Fireworks have been going off intermittantly all day, so this was sort of inspired by those sounds. It's a bit gloomy, but I hope you enjoy it.
As if the door were made of jello it swayed inward. In the middle of the room Andrew McCall watched. He stood tall, at six foot nine, and played basketball in high school despite being ungainly and poorly coordinated. His coach used to glower at Andrew's every trip and scuff and fumble but was reluctant to pull his player, afraid to lose the sheer intimidation that height inflicted on the opposing teams.
Andrew's life was filled with disappointments. Disappointments he set on others and disappointments others set on him. "You're smart," said his mother, even though he was actually slightly below average and didn't much enjoy learning or have any ambition to do so. "You're strong," said his father, even though in reality he suffered from asthma and a rare heart condition, and the circumference of his upper arm was only eleven inches when he reached his full height. His early sparks of dreams and ambitions were dampened by the ambitions his parents laid on him and the relentless scolding he received every day that he failed. By the time he was seven his last internal ember grew cold.
In his teens his parents gave up altogether, realizing he showed no signs of becoming the man they wanted him to be. It was a comfortable detente for Andrew. He often lay on his bed in his spare time, staring at the peeling lead paint on the ceiling, and thinking about nothing, as if the future did not exist in the way that most people build it in their minds; as if the present was divided up into slides in a projector, each one illuminated for a time, static, then replaced by a new present. It was as if he could just turn himself off for awhile.
In the world, as an adult, he was a ghost. He formed few friendships and no deep ones. Whenever he walked down the street the people around him would not move for him; he was unnoticed, almost invisible. They looked somewhat small to him. Every building was made for them, not him. He was in a different space, one that butted up perpendicular to their space and time.
He shuffled through some non-notable occupations. He bagged groceries at a supermarket where the fluorescent lights blinked out their own morse code to each other. They bleached the floors in bluish light and made the shoppers look sallow and unslept. The music was a mash made to dull and calm the mind designed to relax shoppers enough to buy more high-profit, high-carb items in the center aisles of the store. Andrew didn't mind the music. He passed many hours without memory of anything he bagged. He earned average evaluations from his shift manager, an older woman with frizzy hair and corns on her feet.
In his next job he washed the windows of stripmall stores, frozen yogurt dives, porn shops, nail salons, dog groomers, western wear outfitters, seasonal tax return experts, pizza parlors, military recruitment centers, nutritional supplement stores and the odd arcade. He was hired because he was tall and could easily reach the far top corners of the windows. He liked the vibrations the squeegee made against the glass. He liked watching the water drip down.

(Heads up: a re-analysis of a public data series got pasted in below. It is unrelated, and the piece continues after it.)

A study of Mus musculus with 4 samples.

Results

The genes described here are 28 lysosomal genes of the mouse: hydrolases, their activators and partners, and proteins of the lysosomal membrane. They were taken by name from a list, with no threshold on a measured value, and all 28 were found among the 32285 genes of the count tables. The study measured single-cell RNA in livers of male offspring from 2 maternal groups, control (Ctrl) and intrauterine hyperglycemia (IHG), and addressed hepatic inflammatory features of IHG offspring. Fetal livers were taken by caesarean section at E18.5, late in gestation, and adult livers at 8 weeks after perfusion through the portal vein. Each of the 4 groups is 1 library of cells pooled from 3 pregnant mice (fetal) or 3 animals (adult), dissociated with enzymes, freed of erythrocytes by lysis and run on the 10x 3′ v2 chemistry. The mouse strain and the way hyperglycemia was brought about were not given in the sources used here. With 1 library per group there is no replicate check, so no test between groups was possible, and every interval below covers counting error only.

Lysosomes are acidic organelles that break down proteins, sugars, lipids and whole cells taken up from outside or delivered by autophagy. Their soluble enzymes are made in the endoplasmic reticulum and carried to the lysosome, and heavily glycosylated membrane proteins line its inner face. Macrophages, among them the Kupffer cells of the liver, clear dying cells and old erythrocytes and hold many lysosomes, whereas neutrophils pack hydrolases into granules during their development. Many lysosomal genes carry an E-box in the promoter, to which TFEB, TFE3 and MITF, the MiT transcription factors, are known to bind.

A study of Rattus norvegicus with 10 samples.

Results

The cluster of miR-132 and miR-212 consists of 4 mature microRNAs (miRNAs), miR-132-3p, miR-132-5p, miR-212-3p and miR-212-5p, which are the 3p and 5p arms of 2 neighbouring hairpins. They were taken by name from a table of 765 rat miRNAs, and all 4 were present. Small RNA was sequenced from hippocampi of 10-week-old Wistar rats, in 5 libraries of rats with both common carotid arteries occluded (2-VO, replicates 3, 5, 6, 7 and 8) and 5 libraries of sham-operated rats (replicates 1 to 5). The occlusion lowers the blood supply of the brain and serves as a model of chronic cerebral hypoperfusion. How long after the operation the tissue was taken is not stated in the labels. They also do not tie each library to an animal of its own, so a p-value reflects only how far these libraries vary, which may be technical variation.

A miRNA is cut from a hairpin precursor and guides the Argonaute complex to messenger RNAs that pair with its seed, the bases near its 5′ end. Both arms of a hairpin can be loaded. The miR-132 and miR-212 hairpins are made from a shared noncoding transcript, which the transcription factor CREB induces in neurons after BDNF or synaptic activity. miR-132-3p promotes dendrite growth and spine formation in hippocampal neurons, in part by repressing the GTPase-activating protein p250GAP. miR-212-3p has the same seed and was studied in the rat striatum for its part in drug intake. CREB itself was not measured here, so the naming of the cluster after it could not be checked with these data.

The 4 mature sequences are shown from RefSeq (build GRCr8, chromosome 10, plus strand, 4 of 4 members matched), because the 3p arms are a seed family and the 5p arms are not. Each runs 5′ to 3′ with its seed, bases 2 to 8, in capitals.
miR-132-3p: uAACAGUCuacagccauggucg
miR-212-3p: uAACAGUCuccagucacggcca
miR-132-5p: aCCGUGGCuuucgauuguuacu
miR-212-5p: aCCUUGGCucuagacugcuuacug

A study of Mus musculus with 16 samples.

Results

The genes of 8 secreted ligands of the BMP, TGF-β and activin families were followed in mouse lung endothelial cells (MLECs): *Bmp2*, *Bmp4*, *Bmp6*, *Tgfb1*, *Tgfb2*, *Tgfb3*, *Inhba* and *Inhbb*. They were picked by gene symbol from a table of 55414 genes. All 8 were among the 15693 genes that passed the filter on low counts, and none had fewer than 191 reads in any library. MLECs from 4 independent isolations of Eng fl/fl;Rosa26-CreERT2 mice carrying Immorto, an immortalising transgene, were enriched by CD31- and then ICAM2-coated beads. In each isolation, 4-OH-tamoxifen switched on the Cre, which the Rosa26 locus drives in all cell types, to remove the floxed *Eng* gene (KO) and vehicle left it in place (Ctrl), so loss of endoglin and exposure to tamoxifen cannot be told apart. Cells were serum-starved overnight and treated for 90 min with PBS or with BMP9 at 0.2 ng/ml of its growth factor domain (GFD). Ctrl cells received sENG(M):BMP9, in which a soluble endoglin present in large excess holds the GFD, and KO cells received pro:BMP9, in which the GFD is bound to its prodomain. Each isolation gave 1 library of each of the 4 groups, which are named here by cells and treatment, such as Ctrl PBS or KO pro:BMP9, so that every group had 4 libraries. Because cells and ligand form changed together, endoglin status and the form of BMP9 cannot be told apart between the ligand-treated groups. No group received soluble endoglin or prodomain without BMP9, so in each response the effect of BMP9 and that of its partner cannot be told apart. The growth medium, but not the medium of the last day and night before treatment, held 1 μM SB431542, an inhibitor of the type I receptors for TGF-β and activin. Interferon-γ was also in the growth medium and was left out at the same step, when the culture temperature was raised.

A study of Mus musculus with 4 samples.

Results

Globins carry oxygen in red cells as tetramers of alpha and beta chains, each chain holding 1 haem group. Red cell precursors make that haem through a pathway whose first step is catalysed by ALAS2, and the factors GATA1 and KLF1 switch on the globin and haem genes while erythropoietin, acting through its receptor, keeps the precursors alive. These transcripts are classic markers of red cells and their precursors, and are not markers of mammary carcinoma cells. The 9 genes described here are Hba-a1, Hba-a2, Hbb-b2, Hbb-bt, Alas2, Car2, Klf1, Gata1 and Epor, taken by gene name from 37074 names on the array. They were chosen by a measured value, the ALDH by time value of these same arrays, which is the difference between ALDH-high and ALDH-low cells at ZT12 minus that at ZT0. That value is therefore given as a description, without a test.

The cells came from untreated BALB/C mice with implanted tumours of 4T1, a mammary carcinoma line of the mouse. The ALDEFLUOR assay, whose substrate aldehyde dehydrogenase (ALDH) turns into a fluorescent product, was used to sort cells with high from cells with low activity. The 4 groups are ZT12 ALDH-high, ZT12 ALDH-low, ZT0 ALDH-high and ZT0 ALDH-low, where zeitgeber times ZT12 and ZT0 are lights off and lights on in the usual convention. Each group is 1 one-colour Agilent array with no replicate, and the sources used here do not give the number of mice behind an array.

For a time he was unemployed. He collected unemployment and lay on the couch in front of the TV all day but watched nothing. He just stared at the dark gray screen and blinked occasionally.
On a Friday his father kicked him out of the house. His mother looked forlorn but didn't protest.
On a Saturday his passed the military recruitment center. He paused and looked at the glass. He remembered washing it. He licked his finger and ran it down the window and savored the vibrations and snags. The recruiter, alone for hours and bored, mistook this as a sign of interest, that Andrew was contemplating serving his country. The recruiter sauntered out and smiled. A half hour later Andrew had signed away the next two years of his life. It was something to do.
Andrew's platoon was filled with boys younger than him, boys with ambitions and places to be, someday, once they got out of the desert. They almost universally dreamed of a day they could call sleep sleep, not rack. They dreamed of hot showers, junk food, girls gone wild, alcohol soaked adventures. Some dreamed of college and future families and Peace on Earth, sometime. Some dreamed of fiery, painful deaths, with their own blood running out and coagulating in sand, of feral dogs feasting on their corpses, of being dragged awkwardly by the hands of enemy children through piss-saturated rubbly streets until all appendages rotted off. These dreams were pushed under but never drowned by bravura talk, horseplay, cards, and abstract arguments of faraway politics.
Andrew still didn't dream. When he was at rest he stared at the sky or at the ceiling, depending on his location. When he was on the move he watched his feet or a fixed point in the distance. He rarely looked around. This unnerved his mates. Once he watched a cockcroach crawl in and out of the festering abscesses of a dead child in an alleyway for three hours until a fellow soldier slapped him across the face for doing so.
By the time the door swayed inward, his platoon had long ago given him up for dead. An oddity that breathed and took up space, but who had little bearing on their lives. As the wood in the door began to pull apart, something stirred in Andrew. He spread his arms and legs instinctively. Splinters broke off and shot towards him. Metal shrapnel from the bomb followed. Bits of organs and flesh from the bomber came third, as their aerodynamics slowed their progress in comparison. Wood dust exploded into the room. Everything struck Andrew. He felt nothing. The men behind him, three members of his platoon, suffered only minor scrapes and some perforated eardrums.